A large section of the population doesn’t know the first thing about investing and is therefore very susceptible to ‘noise’. Even those who invest regularly are susceptible to noise – it’s natural and it’s deafening. Most of the noise is around speculative activity, as opposed to sensible long term investing.
Noise is generated by newspapers, specialist magazines and websites, the media in general, and of course that guy in the pub who swore that Bettystown was going to be the new hot property ticket. They all have vested interests in promoting this share or that property investment.
Noise feeds into some of the human behaviour that messes up our best attempts at strategic investment. Herd mentality, over-confidence, over reaction and loss aversion are all fuelled by noise. These behaviours cause to lose our nerve and make rash decisions which are more akin to speculation.
Noise lives on the Internet and in the traditional press. Check out some of the examples I found without even looking.
This ad encouraging people to subscribe to Investors Chronicle – albeit the magazine is high-quality and well-written – is encouraging investors to assess the markets from the speculative standpoint. I suggest that spending £3.18 per week on subscribing to The Investors Chronicle is the quickest way to lose nearly €200 per year, and a hell of a lot more, if you get sucked into the tips and predictions.
The hot stock pick turns cold
The fact is that industries or companies hailed as the next big thing don’t always live up to expectations. Just think back to the so-called dot-com bubble of the late 1990s, when the commercial growth of the internet fuelled unreasonable market confidence that anything with ‘e-‘ in the company name would be profitable.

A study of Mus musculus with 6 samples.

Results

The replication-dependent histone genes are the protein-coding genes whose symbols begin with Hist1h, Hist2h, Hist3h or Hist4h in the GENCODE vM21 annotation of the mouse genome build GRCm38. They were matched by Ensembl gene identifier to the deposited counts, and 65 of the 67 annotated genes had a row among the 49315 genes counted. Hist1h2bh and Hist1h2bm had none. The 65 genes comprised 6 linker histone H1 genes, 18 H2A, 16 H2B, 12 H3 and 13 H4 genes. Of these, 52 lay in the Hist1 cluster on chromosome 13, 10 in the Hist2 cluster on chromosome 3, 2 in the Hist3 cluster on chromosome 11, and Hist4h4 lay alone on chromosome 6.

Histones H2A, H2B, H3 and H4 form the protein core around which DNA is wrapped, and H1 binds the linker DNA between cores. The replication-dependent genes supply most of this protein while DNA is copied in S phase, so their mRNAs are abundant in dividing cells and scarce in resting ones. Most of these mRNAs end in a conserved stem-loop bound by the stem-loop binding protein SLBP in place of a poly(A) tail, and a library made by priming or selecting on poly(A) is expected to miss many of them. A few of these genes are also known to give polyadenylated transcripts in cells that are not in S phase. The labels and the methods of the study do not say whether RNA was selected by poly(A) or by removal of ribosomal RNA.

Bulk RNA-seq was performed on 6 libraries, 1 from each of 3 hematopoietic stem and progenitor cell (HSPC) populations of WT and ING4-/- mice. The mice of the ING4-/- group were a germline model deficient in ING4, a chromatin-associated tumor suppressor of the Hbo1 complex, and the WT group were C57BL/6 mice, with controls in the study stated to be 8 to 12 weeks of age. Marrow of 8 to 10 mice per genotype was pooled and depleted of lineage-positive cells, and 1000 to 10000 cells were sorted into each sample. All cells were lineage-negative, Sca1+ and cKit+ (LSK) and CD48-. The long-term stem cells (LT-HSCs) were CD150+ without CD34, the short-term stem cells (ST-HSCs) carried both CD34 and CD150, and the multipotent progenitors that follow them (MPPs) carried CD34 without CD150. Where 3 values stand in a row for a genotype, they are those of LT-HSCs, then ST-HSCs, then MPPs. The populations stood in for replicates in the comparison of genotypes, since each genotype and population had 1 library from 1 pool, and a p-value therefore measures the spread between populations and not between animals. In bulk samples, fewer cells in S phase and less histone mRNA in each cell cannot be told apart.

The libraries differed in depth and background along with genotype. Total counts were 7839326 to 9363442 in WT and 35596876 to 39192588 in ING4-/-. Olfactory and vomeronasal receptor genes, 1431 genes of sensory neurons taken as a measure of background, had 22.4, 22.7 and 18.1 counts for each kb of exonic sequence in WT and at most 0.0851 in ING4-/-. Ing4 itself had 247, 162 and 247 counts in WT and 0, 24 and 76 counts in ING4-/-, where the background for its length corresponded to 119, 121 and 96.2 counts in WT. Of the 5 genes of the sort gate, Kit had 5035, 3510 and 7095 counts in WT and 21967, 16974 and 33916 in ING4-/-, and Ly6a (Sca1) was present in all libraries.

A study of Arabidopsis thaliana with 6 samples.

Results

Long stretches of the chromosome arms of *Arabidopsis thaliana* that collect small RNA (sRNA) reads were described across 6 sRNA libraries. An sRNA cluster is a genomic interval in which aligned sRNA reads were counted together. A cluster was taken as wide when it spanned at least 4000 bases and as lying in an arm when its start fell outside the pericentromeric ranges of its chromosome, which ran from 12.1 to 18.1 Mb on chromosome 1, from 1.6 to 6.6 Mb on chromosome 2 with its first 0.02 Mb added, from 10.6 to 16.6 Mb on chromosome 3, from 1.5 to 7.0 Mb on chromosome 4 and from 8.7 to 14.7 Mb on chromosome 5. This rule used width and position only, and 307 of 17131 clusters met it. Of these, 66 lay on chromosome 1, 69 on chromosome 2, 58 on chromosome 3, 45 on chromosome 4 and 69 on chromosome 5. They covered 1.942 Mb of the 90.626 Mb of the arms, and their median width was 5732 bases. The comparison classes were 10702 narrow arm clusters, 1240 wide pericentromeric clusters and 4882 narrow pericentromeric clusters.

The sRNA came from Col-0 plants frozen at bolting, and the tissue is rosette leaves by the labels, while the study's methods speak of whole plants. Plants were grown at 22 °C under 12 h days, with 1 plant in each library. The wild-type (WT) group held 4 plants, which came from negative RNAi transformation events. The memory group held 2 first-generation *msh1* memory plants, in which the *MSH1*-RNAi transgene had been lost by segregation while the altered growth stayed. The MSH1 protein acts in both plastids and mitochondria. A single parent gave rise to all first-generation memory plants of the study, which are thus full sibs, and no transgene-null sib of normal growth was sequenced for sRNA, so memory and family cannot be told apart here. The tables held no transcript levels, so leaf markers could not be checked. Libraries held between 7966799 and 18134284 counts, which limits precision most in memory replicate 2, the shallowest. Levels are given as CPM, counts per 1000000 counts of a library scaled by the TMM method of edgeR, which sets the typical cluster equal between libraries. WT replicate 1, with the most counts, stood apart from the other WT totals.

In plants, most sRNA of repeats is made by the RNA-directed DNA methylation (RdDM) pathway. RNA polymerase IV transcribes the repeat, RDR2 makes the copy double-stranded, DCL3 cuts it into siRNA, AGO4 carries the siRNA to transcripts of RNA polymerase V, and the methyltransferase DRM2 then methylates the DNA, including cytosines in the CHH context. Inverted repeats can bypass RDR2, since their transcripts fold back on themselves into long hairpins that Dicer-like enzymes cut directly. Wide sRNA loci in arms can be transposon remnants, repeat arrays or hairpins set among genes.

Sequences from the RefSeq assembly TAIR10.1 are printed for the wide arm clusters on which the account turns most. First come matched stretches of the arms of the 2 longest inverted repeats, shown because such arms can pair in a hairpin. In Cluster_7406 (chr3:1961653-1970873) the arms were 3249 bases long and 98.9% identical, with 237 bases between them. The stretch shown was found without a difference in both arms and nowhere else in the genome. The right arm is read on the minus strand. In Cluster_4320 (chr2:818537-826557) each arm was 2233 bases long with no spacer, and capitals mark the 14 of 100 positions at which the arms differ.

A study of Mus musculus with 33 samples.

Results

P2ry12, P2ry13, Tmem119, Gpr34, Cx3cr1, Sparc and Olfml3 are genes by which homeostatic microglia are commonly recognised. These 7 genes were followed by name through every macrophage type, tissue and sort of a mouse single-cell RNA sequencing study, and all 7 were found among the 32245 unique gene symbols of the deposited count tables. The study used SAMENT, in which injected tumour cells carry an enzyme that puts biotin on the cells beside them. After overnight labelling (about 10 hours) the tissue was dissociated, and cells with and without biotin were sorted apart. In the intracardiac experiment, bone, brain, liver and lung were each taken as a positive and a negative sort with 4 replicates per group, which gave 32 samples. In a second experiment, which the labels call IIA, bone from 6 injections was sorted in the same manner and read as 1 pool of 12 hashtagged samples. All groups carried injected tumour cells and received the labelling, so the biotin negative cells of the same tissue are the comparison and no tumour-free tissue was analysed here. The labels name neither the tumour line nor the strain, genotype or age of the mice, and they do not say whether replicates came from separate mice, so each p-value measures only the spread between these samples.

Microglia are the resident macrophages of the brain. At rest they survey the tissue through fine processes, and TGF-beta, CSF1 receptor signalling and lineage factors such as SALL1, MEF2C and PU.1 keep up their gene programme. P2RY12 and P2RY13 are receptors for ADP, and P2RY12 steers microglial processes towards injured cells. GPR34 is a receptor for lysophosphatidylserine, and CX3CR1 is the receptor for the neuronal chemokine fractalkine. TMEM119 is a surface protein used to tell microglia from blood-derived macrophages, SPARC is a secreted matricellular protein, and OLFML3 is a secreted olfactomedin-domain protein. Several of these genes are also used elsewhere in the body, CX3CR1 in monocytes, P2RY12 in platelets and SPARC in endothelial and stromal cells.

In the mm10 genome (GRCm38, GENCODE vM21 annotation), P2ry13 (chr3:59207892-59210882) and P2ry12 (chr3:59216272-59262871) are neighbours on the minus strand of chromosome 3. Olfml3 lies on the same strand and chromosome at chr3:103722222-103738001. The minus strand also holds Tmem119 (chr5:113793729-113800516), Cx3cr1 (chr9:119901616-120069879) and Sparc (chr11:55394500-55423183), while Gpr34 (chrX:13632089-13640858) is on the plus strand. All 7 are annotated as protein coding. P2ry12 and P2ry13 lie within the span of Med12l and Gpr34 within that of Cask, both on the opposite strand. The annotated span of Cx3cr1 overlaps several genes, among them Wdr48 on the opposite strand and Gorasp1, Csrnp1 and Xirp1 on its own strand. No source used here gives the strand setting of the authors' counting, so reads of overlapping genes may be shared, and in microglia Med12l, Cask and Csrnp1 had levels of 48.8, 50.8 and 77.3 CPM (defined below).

This combined with widely available venture capital created an environment in which many investors were willing to overlook traditional metrics and were falling over themselves to invest in internet business models. Many companies crashed and burned, such as Lehman Brothers, and their investors with them.
Closer to home, readers of the Sunday Business Post might have been attracted to this ad back in 2016. It was a 24 month investment term, so if you did invest, let me know how it worked out for you.
A 10% return is ‘available’ it says – sounds tempting. It’s ‘100% secure’ – where do I sign up? The asset in question is property. Unless you are already well diversified by the time you come to Triple Lock Property’s scheme, you will be focusing on just one asset class, which is never a good idea for sustainable long term investing.
Anyone investing in a scheme such as this is looking for pure capital appreciation as opposed to a long-term return and should have his or her eyes open to that. There are a few other issues with this ad. Who provides the security? Email triplelockproperty@GMAIL.com?
If you are in this for the long haul, you can and should ignore the hot stock picks and next big things. Your investment activity should be based on academic research on the performance of the markets. Academics are not driven by vested interests. They just crunch the numbers and publish the results.
Academic research shows that over the long term, it doesn’t pay to pay a fund manager to try to pick out stocks that are mis-priced. The stock market adjusts all by itself based on the millions of pieces of information about stocks and economies feeding into it every day.
At The Money Advisers, we trust in the all important investment principles of diversification and asset allocation, not in individual fund managers. Speculation is a game, but if you don’t want to play the game, a sensible investment strategy is still a very real option for you.
Get started with The Money Advisers.